Molded Case Circuit Breaker Trip Unit History
Even though an 1879 patent filed by Thomas Edison provided a glimpse of the definition of what would become circuit breakers, fuses (use once and throw away) were the standard for the first 30-40 years in power distribution systems. In 1924, German inventor Hugo Stotz created and patented what was marketed as a re-settable fuse. It was a direct retrofit into common fuse panels of the day. The Stotz fuse incorporated a thermal element to detect and open contacts to clear overloaded or shorted circuits. This was a forerunner of the thermal-magnetic breaker widely used in today’s power distribution systems.
Circuit Breaker and Trip Unit
In order to understand what a trip unit is, let’s revisit the definition of a circuit breaker. A circuit breaker is a mechanical switching device designed to automatically detect and eliminate short circuits and overload current. A trip unit, specifically, is the “brain” of the circuit breaker as its function is to measure physical parameters such as electrical current and decide when to “trip” or rapidly open the mechanical contacts of the circuit breaker. At the bare minimum, a trip unit needs to offer overload and short circuit protection. In regard to the topic of evolution, the trip unit can be as simple as a bi-metallic strip, or now, as advanced as a computer. This evolution has opened the door to so much more than overload and short circuit protection – it’s opened a whole new world of protection, measurement, and control.
Thermal Magnetic Circuit Trip Unit
The basic thermal magnetic circuit trip unit still provides a cost-effective solution for basic circuit protection and remains in widespread use. With the growth of critical electrical loads, the need for accurate and coordinated circuit protection has become much more important. However, the lower accuracy sensitivity offered by a thermal magnetic breaker cannot fully address this increasing demand. These shortcomings are amplified when you need breakers to trip in a coordinated fashion where only the problematic circuit is taken out of service. This is called selectivity and was a primary driver in the evolution from the thermal magnetic trip unit to the electronic trip unit which can provide a much higher degree of accuracy in sensing and responding to trip events.
How a Regular (non AFCI/GFCI) Circuit Breaker Trip Unit Works
In addition to providing a means to open and close its contacts manually, a circuit breaker must automatically open its contacts when an overcurrent condition is sensed.
The trip unit is the part of the circuit breaker that determines when the contacts will open automatically.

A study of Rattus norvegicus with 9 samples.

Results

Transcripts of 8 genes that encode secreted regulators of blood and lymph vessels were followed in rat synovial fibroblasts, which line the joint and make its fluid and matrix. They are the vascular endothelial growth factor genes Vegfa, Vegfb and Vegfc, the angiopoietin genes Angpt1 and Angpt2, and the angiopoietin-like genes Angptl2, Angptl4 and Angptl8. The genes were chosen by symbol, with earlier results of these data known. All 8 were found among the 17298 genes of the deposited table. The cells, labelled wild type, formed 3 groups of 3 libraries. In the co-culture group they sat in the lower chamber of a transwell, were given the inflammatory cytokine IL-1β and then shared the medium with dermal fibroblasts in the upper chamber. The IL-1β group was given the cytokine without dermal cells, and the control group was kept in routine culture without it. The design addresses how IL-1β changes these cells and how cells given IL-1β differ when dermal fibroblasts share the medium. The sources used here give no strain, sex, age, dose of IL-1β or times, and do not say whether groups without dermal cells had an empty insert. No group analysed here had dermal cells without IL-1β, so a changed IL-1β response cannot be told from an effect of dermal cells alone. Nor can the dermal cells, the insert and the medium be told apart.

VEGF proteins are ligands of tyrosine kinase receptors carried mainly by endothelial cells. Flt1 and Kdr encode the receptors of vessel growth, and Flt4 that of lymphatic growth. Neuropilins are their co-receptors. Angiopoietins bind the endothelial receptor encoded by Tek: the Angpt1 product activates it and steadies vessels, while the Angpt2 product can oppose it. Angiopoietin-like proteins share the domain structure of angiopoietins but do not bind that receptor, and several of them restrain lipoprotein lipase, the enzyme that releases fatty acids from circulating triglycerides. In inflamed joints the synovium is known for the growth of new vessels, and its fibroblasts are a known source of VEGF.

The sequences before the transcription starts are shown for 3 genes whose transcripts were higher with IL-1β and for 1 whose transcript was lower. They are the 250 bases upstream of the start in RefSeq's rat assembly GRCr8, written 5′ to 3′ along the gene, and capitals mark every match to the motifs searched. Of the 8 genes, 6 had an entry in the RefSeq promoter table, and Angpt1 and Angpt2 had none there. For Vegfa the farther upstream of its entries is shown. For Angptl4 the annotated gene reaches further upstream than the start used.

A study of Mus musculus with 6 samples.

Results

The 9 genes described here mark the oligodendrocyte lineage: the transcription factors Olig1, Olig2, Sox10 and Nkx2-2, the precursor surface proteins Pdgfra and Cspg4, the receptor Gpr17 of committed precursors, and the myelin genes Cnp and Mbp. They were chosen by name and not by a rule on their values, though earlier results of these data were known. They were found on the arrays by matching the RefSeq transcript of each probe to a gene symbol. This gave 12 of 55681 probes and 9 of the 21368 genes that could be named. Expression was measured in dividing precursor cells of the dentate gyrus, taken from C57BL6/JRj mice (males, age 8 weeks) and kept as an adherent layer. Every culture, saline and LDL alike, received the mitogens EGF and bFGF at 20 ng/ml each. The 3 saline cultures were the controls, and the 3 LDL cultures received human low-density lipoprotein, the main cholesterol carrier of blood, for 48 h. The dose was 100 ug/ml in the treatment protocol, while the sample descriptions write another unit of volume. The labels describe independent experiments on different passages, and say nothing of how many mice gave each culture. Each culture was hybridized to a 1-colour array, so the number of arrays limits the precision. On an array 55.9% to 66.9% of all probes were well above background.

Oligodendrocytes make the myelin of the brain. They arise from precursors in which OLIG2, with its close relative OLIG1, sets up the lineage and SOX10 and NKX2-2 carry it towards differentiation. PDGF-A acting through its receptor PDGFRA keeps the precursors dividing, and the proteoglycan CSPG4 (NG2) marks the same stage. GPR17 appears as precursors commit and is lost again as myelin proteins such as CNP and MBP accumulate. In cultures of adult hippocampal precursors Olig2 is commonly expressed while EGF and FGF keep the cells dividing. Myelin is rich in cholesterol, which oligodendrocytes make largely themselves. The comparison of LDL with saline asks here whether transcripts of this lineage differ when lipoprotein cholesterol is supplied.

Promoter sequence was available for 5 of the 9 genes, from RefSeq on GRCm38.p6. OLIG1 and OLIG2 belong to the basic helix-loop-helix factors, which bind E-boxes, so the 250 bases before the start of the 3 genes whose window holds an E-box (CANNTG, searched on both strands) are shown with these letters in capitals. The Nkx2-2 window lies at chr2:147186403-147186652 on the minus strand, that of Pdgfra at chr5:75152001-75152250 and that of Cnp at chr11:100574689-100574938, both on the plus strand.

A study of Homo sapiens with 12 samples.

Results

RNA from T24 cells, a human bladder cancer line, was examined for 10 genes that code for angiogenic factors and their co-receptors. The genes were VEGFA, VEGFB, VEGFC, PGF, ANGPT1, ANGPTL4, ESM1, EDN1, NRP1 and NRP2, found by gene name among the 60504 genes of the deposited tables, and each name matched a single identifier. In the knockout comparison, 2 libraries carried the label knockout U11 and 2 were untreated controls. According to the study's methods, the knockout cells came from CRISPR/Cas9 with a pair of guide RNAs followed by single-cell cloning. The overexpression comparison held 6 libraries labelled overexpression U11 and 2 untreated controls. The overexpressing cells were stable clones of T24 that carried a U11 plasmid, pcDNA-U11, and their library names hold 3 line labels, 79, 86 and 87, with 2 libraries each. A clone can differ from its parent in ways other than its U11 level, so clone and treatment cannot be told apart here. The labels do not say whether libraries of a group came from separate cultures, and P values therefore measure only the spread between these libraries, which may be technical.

In a thermal-magnetic circuit breaker, the trip unit includes elements designed to sense the heat resulting from an overload condition and the high current resulting from a short circuit. In addition, some thermal magnetic circuit breakers incorporate a “PUSH TO TRIP” button.
The trip unit includes a trip mechanism that is held in place by the tripper bar. As long as the tripper bar holds the trip mechanism, the mechanism remains firmly locked in place.
The operating mechanism is held in the “ON” position by the trip mechanism. When a trip is activated, the trip mechanism releases the operating mechanism, which opens the contacts.
Some molded case circuit breakers, especially larger breakers, can be manually tripped by pressing the “PUSH TO TRIP” button on the face of the circuit breaker. When the button is pressed the tripper bar rotates up and to the right. This allows the trip mechanism to “unlock” releasing the operating mechanism.
The operating mechanism opens the contacts.
The “PUSH TO TRIP” button also serves as a safety device by preventing access to the circuit breaker interior in the “ON” position. If an attempt is made to remove the circuit breaker cover while the contacts are in the closed (“ON”) position, a spring located under the pushbutton causes the button to lift up and the breaker to trip.
Thermal-magnetic circuit breakers employ a bi-metalic strip to sense overload conditions. When sufficient overcurrent flows through the circuit breaker’s current path, heat build up causes the bi-metalic strip to bend. After bending a predetermined distance, the bi-metalic strip makes contact with the tripper bar activating the trip mechanism.
A bi-metalic strip is made of two dissimilar metals bonded together. The two metals have different thermal expansion characteristics, so the bi-metalic strip bends when heated. As current rises, heat also rises.
The hotter the bi-metalic becomes the more it bends. After the source of heat is removed, as when the circuit breaker contacts open, the bi-metalic strip cools and returns to its original condition. This allows a circuit breaker to be manually reset once the overload condition has been corrected.
Short Circuit Trip
As previously described, current flow through a circuit breaker’s blow-apart contacts creates opposing magnetic fields. Under normal operating conditions, these opposing forces are not sufficient to separate the contacts. When a short circuit occurs, however, these opposing forces increase significantly.
The current that flows through the contacts also flows through a conductor that passes close to the circuit breaker’s trip unit. At fault current levels, the magnetic field surrounding this conductor provides sufficient force to unlatch the trip unit and trip the breaker.
The combined actions of magnetic fields forcing contacts apart while simultaneously tripping the circuit breaker result in rapid interruption of the fault current. In addition, because the magnetic forces are proportional to the current, the greater the fault current, the shorter the time it takes to interrupt the current.
It is important to know that some early molded case circuit breakers were not properly calibrated or had pieces that would become stuck and were essentially less safe than a fuse!